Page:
North Dakota lawmaker survives close call in crash with moose


After Monday's legislative floor session, Rep. Marvin Nelson, D-Rolla, holds a small stuffed moose figure given as a get-well gift while healing from his car crash with a moose over the weekend.

A North Dakota lawmaker got a face full of glass but no broken bones after his van struck a moose on Friday night.

Rep. Marvin Nelson, a Democrat from Rolla, picked up his granddaughters in Jamestown and was heading home when he spotted a moose in the ditch south of Rocklake in northern North Dakota.

A moment after Nelson safely passed the moose and was feeling relieved, he encountered a second moose in the middle of Highway 281.


Rep. Marvin Nelson, D-Rolla, suffered injuries to his face after a moose came through the windshield of his van on Friday night.

“There was a big one standing right there with no place to go,” Nelson recalled Monday from his desk in the House chambers.

The 2005 Dodge Caravan struck and killed the moose. The vehicle struck the moose at the waist, with part of the animal coming through the windshield as Nelson ducked.

“I didn’t expect to live,” said Nelson, who ran for governor in 2016.

Nelson doesn’t think he lost consciousness, but doesn’t remember putting the van in park. Glass and moose hair filled the van, but his granddaughters, ages 3 and 5, were safe in their carseats in the backseat.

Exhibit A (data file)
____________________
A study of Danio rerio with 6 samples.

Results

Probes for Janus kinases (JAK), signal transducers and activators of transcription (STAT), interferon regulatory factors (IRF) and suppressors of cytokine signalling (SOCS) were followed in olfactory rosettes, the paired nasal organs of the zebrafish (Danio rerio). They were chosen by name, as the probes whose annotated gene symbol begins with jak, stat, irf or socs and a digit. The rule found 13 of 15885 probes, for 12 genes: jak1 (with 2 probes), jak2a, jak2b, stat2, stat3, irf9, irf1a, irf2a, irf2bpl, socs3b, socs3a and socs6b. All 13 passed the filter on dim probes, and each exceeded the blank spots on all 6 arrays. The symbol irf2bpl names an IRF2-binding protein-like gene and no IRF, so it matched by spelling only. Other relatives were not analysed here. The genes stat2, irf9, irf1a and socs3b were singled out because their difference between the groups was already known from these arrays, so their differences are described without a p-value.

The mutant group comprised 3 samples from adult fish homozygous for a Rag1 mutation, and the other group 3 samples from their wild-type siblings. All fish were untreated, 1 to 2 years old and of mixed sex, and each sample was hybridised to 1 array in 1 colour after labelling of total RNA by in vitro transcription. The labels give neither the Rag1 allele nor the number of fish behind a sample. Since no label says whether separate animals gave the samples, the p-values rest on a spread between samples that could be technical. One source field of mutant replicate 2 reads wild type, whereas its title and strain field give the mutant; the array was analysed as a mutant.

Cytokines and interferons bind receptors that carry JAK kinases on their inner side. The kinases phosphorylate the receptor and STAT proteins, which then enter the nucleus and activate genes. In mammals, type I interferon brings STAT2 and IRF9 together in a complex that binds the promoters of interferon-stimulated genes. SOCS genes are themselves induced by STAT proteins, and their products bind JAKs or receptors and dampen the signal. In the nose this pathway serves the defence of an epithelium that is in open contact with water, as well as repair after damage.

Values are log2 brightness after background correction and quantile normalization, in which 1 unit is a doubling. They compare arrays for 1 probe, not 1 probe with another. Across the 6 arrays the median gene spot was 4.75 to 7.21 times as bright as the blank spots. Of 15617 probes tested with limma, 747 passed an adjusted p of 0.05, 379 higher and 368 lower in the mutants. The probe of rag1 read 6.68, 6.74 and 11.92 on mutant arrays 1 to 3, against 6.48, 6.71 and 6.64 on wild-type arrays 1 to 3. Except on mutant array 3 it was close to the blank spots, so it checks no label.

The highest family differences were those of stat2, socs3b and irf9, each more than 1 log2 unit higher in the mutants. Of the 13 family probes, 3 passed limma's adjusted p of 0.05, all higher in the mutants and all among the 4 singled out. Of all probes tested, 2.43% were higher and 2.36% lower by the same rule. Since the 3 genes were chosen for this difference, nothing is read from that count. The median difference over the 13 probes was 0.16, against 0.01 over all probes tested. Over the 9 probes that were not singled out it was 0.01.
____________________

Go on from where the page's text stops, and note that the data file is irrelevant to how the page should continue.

Nelson’s eyes were full of glass and he was unable to see to dial 911. Within minutes, another motorist came by and called for help.

“The first responders were all so wonderful,” Nelson said. “We were fortunate.”

Nelson had a mild concussion, a huge, swollen black eye and scrapes on his face, but he says he’s not in pain. He saw an ophthalmologist in Bismarck on Sunday night and was back at the Capitol on Monday.

“I’m in better shape than we were anticipating,” he said.


Rep. Marvin Nelson, D-Rolla, stands with his van on Saturday, a day after he struck a moose while traveling with his granddaughters on Highway 281 south of Rocklake.

Nelson’s wife, Sue, drove him to Bismarck and was escorting him around on Monday as colleagues stopped by to check on how they were doing.

“It’s one of the most traumatic events of our lives,” Sue Nelson said.

Meanwhile, Nelson was joking about some bills the House is expected to vote on soon that relate to hunting moose.

“It sounds like there will be more landowner permits this year, and I intend to apply for one,” Nelson said.